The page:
However, that fear may be less prominent due to a breakthrough in new research. Research suggests that women who take a low-dose of aspirin every day may lower their risk of developing ovarian cancer. However, this breakthrough does not come without its caveats. The standard-dose of aspirin, containing 325 milligrams, does not reduce the risk of ovarian cancer. The second caveat is that use of nonaspirin nonsteroidal anti-inflammatory drugs, like ibuprofen or naproxen, is associated with a heightened risk.

Aspirin is said to lower the risk of ovarian cancer by reducing inflammation. This idea came to fruition in the Nurses’ Health Study and Nurses’ Health Study II. These two long-term studies utilized questionnaires to track both the disease and health behavior in women. Out of the 205,498 women who participated, 1,054 women developed ovarian cancer. Of the women who developed ovarian cancer, researchers examined and compared how women who used aspirin, non-aspirin NSAIDs and acetaminophen differed from other participants.

The analysis revealed that women who used a low-dose aspirin for less than a year had a 23% lower risk when compared to women who didn’t take aspirin at all. However, the study showed no decrease in risk for women who used low-dose aspirin for five or more years or in women who used a normal dose (325 milligrams).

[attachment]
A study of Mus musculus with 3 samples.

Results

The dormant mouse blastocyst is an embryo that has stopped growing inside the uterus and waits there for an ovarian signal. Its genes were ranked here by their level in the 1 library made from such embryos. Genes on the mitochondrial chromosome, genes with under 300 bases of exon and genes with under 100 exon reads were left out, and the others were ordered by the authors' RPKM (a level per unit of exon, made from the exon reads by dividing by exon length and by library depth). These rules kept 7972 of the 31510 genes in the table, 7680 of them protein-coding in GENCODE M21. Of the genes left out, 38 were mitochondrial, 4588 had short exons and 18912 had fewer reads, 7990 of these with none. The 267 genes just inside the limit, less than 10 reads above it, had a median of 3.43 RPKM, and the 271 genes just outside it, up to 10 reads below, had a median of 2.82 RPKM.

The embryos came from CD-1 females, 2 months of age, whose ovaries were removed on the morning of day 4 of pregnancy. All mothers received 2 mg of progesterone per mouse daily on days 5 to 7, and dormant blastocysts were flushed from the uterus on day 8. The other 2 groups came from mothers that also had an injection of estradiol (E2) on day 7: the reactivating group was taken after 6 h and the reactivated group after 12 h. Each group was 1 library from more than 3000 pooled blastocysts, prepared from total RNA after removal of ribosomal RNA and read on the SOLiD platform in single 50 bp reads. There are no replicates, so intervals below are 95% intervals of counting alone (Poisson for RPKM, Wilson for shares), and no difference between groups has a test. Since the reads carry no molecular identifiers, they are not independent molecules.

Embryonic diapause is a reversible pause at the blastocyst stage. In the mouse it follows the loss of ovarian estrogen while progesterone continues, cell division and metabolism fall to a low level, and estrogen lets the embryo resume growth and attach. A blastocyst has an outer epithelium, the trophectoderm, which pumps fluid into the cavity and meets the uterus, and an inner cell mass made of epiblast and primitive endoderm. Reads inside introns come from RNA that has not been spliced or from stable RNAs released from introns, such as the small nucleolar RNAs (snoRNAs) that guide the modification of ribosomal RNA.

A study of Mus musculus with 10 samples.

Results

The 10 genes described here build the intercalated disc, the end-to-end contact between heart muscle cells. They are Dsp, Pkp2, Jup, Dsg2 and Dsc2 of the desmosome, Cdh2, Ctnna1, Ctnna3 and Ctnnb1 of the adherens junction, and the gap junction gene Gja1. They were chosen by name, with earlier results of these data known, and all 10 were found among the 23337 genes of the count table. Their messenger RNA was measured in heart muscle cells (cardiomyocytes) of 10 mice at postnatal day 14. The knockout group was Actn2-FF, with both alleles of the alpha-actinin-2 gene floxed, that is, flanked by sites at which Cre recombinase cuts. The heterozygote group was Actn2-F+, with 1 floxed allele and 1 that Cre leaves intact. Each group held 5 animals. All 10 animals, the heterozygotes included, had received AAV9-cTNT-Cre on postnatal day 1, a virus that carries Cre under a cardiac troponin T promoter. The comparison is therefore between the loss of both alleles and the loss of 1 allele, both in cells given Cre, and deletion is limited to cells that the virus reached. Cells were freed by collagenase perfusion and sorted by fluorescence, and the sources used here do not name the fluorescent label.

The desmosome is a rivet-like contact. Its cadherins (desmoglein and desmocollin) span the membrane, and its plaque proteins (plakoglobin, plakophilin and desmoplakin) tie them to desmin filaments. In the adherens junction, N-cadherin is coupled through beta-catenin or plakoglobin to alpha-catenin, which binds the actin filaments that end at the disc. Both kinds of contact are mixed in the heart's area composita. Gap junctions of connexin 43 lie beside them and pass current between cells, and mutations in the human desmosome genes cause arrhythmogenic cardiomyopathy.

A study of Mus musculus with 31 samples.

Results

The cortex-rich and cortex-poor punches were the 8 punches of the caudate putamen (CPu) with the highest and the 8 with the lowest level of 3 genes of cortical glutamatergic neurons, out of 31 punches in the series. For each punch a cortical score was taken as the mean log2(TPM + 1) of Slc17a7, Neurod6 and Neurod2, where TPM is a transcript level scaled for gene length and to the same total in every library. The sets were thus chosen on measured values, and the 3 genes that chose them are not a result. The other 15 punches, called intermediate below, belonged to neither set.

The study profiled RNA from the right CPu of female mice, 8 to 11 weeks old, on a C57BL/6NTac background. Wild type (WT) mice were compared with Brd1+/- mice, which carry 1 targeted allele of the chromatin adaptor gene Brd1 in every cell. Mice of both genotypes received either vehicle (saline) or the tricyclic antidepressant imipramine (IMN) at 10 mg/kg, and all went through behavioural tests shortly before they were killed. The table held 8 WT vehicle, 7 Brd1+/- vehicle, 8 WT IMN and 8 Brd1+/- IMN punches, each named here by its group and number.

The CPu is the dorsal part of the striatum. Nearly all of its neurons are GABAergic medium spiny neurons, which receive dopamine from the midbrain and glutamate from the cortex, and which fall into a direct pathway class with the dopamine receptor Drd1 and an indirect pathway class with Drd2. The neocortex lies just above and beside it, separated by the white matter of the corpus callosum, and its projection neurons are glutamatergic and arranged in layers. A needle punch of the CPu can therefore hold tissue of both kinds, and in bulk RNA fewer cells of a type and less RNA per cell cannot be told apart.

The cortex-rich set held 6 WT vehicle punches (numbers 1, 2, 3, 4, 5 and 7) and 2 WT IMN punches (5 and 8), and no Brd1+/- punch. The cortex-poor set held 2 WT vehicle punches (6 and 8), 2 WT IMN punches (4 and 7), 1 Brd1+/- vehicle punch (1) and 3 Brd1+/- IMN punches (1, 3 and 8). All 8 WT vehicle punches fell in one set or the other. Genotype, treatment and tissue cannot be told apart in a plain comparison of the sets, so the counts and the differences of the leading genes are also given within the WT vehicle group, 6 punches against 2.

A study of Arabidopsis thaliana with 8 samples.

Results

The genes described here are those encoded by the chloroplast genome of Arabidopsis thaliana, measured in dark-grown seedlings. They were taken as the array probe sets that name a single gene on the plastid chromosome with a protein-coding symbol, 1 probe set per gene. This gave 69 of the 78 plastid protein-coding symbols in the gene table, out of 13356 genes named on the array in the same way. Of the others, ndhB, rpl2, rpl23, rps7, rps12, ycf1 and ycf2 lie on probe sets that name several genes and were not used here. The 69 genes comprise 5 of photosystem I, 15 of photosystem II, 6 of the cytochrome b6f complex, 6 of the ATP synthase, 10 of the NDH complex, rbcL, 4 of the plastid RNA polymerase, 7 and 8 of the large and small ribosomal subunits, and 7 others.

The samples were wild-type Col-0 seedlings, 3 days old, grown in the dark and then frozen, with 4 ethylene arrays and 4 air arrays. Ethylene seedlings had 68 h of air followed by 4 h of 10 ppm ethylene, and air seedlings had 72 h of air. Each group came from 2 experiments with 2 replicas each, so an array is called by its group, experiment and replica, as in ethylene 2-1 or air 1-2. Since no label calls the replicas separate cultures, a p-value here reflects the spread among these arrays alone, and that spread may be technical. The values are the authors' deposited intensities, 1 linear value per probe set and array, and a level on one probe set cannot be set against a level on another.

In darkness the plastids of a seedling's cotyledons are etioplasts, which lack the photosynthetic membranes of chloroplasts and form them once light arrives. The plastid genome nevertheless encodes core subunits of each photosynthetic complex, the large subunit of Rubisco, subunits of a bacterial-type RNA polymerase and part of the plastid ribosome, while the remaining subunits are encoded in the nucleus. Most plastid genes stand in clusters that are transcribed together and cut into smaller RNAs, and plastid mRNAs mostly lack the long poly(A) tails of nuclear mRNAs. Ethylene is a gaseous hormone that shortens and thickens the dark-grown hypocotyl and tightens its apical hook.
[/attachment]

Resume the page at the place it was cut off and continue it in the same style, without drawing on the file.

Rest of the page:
Researchers from the Harvard T.H. Chan School of Public Health found that in women who used non-aspirin NSAIDs, had a 19% increase of ovarian cancer. When NSAIDs were taken over the course of multiple years, the risk of Ovarian cancer increased to 34%. Although this percentage may want you to steer clear of NSAIDs, the increase was due to taking at least 10 tablets per week. When NSAIDs were used less than two days a week over the course of five or more years, there was not an increase to ovarian cancer.

Although the study has produced some promising results, scientists believe that further research is still necessary. Due to the limitations of the study, Stephen Evans, a professor of pharmacoepidemiology at the London School of Hygiene & Tropical Medicine, believes that we should approach the findings with caution.

Eric J. Jacobs, a cancer epidemiologist and strategic director of pharmacoepidemiology at the American Cancer Society, believe that there is still little evidence linking aspirin to lowering the risk of cancers. He and healthcare professionals alike, urge that aspirin should not be taken in the hopes to prevent cancer.